Can You Be a Traveler With a Family?

One of the most frequently asked questions by nurses considering a traveling role is how their families fit into the lifestyle. When you first consider traveling nursing, the burdens of being away from your family can feel impossibly hard. But each nurse is different, along with their family situations and all the other factors they must consider before taking on a traveling nurse role. This role will look at one of the harder decisions these nurses face: how to fit into the traveling lifestyle if they have a family to consider.

Can You Take Your Family Along?

It’s interesting that many nurses believe their agency won’t let them take along their family to their new position. In fact, most agencies allow nurses to take their families on their journey; and, even encourage it. It can be motivational to have your family nearby when you’re entering a new workspace. But, what is the practical effect if you don’t take your family on the assignment?

The first thing to consider is that the traveling lifestyle may help or hinder your partner- and family-relationship. It’s true that absence really does make the heart grow fonder, so be prepared to take time to stay in touch with “your people” frequently. Many times we see travel nurses hitting the road because the job prospects are low in the areas where they live. Traveling nurse actually have an opportunity to check out a new area and a new job without the risks associated with packing up their family, moving the kids from schools and all the other changes associated with uprooting from your home turf. We’ve seen many nurses switch to permanent roles then move their families after they’re sure the area is solid.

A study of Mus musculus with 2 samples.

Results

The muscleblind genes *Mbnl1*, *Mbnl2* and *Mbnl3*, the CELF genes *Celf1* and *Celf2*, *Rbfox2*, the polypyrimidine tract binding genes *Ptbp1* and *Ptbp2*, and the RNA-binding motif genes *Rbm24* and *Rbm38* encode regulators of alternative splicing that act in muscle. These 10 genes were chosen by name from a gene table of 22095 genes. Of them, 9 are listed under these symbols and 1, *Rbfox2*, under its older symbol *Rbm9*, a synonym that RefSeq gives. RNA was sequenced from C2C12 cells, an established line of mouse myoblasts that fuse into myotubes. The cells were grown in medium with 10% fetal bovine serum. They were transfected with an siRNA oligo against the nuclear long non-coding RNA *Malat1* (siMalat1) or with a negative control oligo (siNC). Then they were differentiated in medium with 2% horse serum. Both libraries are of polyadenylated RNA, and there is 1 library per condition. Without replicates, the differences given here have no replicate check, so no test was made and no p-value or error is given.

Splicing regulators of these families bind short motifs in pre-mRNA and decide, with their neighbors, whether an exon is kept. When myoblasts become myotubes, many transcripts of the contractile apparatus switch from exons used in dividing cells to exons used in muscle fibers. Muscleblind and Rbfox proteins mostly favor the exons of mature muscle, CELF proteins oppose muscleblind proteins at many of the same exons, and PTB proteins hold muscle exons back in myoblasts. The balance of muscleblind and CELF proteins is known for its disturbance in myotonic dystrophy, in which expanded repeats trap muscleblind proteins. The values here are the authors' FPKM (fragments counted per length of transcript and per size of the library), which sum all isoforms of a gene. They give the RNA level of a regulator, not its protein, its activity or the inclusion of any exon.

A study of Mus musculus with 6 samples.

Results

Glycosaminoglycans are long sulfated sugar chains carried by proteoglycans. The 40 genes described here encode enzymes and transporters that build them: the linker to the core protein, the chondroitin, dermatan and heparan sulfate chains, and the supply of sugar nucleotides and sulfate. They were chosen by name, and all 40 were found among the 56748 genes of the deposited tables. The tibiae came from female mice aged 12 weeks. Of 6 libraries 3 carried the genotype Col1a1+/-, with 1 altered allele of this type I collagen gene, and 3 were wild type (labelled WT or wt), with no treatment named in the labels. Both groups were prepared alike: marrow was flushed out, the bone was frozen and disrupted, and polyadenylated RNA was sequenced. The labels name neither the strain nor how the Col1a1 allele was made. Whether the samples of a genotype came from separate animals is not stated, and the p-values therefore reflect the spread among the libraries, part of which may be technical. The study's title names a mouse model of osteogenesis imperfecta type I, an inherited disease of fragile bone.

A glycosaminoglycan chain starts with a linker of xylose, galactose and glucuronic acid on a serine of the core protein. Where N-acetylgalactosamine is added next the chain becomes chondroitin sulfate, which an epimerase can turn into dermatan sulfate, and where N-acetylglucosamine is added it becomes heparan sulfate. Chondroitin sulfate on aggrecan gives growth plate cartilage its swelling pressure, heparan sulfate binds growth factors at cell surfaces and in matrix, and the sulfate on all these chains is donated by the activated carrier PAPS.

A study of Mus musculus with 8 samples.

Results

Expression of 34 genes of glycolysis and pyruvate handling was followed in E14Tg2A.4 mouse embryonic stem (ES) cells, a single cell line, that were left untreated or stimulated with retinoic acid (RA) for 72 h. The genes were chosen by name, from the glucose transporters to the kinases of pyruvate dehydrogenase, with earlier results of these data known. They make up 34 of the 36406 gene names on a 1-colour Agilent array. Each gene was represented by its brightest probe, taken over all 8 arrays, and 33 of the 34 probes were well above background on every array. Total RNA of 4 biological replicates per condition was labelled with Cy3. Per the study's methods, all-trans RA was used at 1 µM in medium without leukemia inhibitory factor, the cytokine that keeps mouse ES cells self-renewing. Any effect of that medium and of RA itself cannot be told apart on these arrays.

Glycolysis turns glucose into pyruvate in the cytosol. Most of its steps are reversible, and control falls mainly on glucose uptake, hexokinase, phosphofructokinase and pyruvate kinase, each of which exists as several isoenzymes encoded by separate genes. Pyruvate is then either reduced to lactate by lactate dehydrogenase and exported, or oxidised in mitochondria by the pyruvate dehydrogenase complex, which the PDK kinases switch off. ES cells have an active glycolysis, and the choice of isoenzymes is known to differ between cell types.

The issue of money is a big motivator for travel nurses. This is particularly true for nurses working in some of the states that pay less on average than states like Massachusetts, where MAS Medical is located. This could make the sacrifice of travel while keeping the family at home very appealing. If the home state has a lower cost of living, but the traveling nurse can make the big bucks somewhere else, it could be worth the pain of being separated from the family.

We should point out that most travel nurses take a break in between assignments in order to spend time with family. Travel nursing supports this, typically, allowing nurses to take a week or two off in between being on-site with the client. You should also work your requested time off into the contract itself so that everyone is comfortable with your time away and your time at home.

Perhaps the best of both worlds is when the travel nurse takes an assignment within a one or two days driving distance of their home. The only problem with this is that many hospitals will not provide an established schedule for your work and many are unlikely to schedule consecutive workdays. That schedule choppiness may make it harder to return home on your days off. You should also consider the contract; tax-free reimbursements may be tied to your time away from home. If you can return home every few days the contractual agreement may not work well.

Talk with MAS Medical about your options for travel nursing. We can help you determine the best course of action for you and your family.